Jason Starr has written a werewolf novel that, if it doesn't make you `howl' with laughter, will make you smile, because it is soaked in some delicious dark humour.
Our protagonist Simon Burns is an ad exec , family man and New Yorker. He's expecting promotion at the start of the novel, but is abruptly fired. This is an effective scene of urban torment and trauma that fuels the mood of urban paranoia and claustrophobia that this novel is steeped in, and for which it develops its own lycanthropic response. For Simon is about to experience a bizarre new freedom...
His sacking starts a chain of events. Frustrated as a stay at home Dad, he meets a trio of Alpha male Dads at a playground with his son, and is eventually invited to a gathering at their `leader's' (Michael) pad. Here he's invited to eat a lot of steak, given an unusual intoxicating beer, passes out, and comes too naked in the woods. He will soon discover his life has changed forever. He has somehow unlocked a store of seemingly unlimited energy and sexual and athletic prowess, and incredibly enhanced sensory powers. It's the urban fantasy stifled and fearful New Yorkers may dream of.
But it comes with a terrible price.
Starr's novel references and borrows happily from its genre, for example the humour and urban setting references "An American Werewolf in London," the office politics, theme of enhanced sensory abilities and again urban setting can be found in "Wolf," and the unlocking of energy, strength and sexual prowess through a weird infection ultimately leading to bizarre transformation can be found in "The Fly."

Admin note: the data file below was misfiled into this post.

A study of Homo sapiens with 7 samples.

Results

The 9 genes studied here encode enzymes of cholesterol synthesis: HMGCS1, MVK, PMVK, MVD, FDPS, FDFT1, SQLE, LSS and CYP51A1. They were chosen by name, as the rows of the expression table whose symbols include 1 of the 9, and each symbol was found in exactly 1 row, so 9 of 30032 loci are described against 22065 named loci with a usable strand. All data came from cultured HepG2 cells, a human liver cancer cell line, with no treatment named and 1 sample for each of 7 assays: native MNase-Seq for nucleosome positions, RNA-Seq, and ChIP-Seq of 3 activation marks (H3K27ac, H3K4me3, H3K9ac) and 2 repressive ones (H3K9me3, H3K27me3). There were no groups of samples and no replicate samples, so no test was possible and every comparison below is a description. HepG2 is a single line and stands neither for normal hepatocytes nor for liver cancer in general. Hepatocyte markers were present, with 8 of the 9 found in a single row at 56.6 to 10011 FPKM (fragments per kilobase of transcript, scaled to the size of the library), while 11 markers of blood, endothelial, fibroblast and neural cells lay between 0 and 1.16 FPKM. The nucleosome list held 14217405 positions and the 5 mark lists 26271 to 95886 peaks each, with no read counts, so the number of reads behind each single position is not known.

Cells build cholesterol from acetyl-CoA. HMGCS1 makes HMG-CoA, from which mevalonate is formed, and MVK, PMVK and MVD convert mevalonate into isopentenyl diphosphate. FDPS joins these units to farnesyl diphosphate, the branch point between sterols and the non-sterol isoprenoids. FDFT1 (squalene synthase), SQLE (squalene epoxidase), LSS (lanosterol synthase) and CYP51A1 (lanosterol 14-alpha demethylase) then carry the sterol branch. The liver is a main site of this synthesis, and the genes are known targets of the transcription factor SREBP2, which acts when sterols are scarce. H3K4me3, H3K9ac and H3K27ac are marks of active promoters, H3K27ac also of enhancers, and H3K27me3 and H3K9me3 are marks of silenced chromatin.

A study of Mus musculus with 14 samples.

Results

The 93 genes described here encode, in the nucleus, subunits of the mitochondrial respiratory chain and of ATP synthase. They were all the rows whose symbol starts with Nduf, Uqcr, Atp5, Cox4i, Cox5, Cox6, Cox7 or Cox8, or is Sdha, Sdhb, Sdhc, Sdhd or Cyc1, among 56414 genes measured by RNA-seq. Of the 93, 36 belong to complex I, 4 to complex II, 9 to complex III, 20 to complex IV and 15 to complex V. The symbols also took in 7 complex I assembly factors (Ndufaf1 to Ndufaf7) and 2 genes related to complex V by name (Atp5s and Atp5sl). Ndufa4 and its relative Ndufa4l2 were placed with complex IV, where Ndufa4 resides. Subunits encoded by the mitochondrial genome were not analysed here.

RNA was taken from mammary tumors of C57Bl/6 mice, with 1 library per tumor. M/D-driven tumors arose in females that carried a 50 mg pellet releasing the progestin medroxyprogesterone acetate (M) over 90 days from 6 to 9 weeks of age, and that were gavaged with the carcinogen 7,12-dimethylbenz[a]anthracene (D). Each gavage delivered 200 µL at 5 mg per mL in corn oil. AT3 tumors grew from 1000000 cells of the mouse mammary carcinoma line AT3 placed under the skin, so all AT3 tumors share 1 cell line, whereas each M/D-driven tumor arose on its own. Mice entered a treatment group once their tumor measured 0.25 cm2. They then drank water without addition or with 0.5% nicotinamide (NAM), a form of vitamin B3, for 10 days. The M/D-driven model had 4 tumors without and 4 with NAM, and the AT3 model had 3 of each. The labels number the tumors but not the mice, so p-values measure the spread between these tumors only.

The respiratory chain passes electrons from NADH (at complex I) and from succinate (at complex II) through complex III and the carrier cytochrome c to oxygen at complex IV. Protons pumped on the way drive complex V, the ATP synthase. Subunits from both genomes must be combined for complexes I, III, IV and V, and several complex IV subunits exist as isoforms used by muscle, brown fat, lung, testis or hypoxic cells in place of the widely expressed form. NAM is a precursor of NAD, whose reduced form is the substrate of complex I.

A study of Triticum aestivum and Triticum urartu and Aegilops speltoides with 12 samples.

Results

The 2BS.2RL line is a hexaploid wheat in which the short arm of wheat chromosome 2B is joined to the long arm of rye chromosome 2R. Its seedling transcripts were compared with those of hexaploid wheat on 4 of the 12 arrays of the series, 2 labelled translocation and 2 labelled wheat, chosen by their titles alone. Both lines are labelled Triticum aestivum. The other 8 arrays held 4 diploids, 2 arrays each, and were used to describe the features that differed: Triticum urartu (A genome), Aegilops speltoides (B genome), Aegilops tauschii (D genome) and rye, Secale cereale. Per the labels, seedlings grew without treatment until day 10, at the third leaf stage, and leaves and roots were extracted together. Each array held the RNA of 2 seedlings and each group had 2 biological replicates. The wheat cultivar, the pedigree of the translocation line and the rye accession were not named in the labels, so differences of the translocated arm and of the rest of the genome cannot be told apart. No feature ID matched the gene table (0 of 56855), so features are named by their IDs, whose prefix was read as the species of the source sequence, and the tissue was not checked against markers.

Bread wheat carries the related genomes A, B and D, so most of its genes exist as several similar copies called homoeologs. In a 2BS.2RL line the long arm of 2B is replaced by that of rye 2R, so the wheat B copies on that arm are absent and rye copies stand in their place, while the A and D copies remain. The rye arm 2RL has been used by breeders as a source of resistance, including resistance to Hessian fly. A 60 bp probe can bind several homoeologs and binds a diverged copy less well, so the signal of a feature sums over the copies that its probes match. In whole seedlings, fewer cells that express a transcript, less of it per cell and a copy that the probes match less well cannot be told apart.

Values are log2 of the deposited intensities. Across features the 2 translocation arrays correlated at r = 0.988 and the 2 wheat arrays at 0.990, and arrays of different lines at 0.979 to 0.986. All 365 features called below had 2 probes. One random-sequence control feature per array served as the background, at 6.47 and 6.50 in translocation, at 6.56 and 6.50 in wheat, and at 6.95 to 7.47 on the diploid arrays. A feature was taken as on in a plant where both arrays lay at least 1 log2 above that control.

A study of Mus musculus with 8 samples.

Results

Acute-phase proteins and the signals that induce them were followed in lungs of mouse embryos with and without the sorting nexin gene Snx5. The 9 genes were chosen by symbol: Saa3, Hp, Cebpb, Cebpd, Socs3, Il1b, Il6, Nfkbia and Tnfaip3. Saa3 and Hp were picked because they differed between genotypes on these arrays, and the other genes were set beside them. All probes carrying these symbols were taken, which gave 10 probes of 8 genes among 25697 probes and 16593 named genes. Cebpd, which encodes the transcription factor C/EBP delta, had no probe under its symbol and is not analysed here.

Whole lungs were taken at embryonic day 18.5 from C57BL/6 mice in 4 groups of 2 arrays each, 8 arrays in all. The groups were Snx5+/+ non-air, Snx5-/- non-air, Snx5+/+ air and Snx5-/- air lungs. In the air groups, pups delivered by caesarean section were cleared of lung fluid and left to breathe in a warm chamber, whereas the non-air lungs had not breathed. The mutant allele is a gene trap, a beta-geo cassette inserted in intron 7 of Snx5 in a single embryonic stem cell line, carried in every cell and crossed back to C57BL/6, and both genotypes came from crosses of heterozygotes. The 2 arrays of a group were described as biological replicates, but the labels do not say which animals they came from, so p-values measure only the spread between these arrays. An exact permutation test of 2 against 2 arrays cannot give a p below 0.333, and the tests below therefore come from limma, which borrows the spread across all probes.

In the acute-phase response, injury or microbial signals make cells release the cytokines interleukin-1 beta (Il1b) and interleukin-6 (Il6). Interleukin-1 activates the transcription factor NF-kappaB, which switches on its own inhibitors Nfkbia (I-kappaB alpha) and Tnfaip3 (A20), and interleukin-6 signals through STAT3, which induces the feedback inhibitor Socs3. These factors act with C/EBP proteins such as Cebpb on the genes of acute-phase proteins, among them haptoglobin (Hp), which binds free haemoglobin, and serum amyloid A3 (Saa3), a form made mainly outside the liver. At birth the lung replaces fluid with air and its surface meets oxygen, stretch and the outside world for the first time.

The scenes of wolf carnage are not frequent, apart from a welcome set of climactic battles in the end. For the most part the novel focuses on the theme of transformed self, the revelling in new strengths, and how this could affect a `normal' married relationship and family life. It does overdo the scenes of Simon endlessly smelling and screwing his wife through his new enhanced abilities and appetites, and this makes for a bit of sag in the middle, but in the last 100 pages or so something clicks and everything fires up, from the humour to the action. It is very funny in parts; the scenes with the rampage of a certain she-wolf, and Simon struggling to tell his wife of his condition are an absolute treat.
All in all, then, the Pack is a great, entertaining howl at the moon. There's plenty here to make me want to sink my teeth into the sequel.